In 2007, the state of Oklahoma shook the produce world with controversy when it declared that watermelon was, in fact, a vegetable.
In a 78-19 victory, the Oklahoma House of Representatives voted to declare what many considered a fruit as the official state vegetable. According to then-state Senator Don Barrington, the reasoning behind the decision was that watermelon could also be considered a vegetable “because it’s a member of the cucumber family.”
Both Barrington and Oklahoma have close relationships with watermelon, so it’s not entirely surprising that watermelon found a codified place in the political annals of the state. Although Oklahoma ranks only 12th for watermelon production, the town of Rush Springs, located in south-central Oklahoma, has celebrated an annual Watermelon Festival since 1948, attracting about 20,000 attendees every year. It’s possible the people of Rush Springs viewed the watermelon vote as a political victory for the senator. But for Barrington, it wasn’t purely about politics: The former senator won a watermelon seed-spitting contest in 1994, suggesting the fruit
Watermelons are part of the cucurbitaceae classification — or, put more simply, the gourd family. This plant family does include cucumbers, as well as pumpkins, squash, and zucchini. Since the broadest definition of a vegetable refers to almost any harvested part of a plant, watermelons could, indeed, be classified as vegetables.
However, complications emerge from the fact that the term “fruit” has a more specific meaning than the generalized “vegetable” label. While “vegetable” broadly refers to any edible part of a plant, the term “fruit” derives from the seed-bearing products of flowering plants. In watermelon’s case, the gourd originates from the crawling southern African vines that yield this delectable fruit. If there’s still any doubt about watermelon’s identity, the presence of seeds may provide the strongest argument that the summer snack is a fruit. The whole ordeal is made more complicated when you consider that in 2005, Oklahoma already declared its official state fruit the strawberry — which isn’t technically a berry, but that’s a story for another day.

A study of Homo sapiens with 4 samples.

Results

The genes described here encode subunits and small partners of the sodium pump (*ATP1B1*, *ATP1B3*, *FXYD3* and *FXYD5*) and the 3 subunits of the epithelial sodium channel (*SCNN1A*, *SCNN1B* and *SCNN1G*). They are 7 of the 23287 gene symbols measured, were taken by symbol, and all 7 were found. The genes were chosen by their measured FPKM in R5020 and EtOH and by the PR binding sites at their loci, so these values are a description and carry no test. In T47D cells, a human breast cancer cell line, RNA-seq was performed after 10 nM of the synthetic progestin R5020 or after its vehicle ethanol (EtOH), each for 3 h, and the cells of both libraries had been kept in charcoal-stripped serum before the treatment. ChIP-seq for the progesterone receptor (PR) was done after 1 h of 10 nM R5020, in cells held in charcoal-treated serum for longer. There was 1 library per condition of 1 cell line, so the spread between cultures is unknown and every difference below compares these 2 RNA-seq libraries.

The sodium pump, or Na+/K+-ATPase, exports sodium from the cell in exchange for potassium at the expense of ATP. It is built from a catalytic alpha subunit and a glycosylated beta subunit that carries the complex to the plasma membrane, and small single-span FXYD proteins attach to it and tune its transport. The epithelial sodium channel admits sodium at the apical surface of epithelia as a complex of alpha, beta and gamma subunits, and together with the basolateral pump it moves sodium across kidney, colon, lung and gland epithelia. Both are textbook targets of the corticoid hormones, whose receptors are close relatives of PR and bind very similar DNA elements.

The line between fruit and vegetable has always been blurred. Although former Senator Don Barrington argued that watermelon’s relation to cucumbers and the rest of the gourd family could classify it as a vegetable, the technical botanical classification actually defines all members of the cucurbitaceae family as fruits. Due to their more savory flavors, however, chefs often consider gourd-like fruits such as pumpkins and zucchinis as vegetables.
The watermelon debacle is similar to the historically controversial debate over the classification of tomatoes — a battle so fierce, the federal government had to intervene. When Manhattan wholesaler John Nix & Co. faced vegetable import taxes on Caribbean tomatoes, the company argued that it didn’t owe the tariff fees because the produce was actually a fruit. In 1893, the Supreme Court ruled that tomatoes were vegetables, based on how people prepared and consumed them in culinary settings. Notably, Justice Horace Gray admitted that squash, cucumbers, and tomatoes were scientifically all fruits, but “the common language of the people” dictated that they were vegetables. Perhaps the best compromise, as it pertains to watermelons, tomatoes, and cucumbers alike, is to acknowledge that it’s possible for them all to be fruits and vegetables at the same time.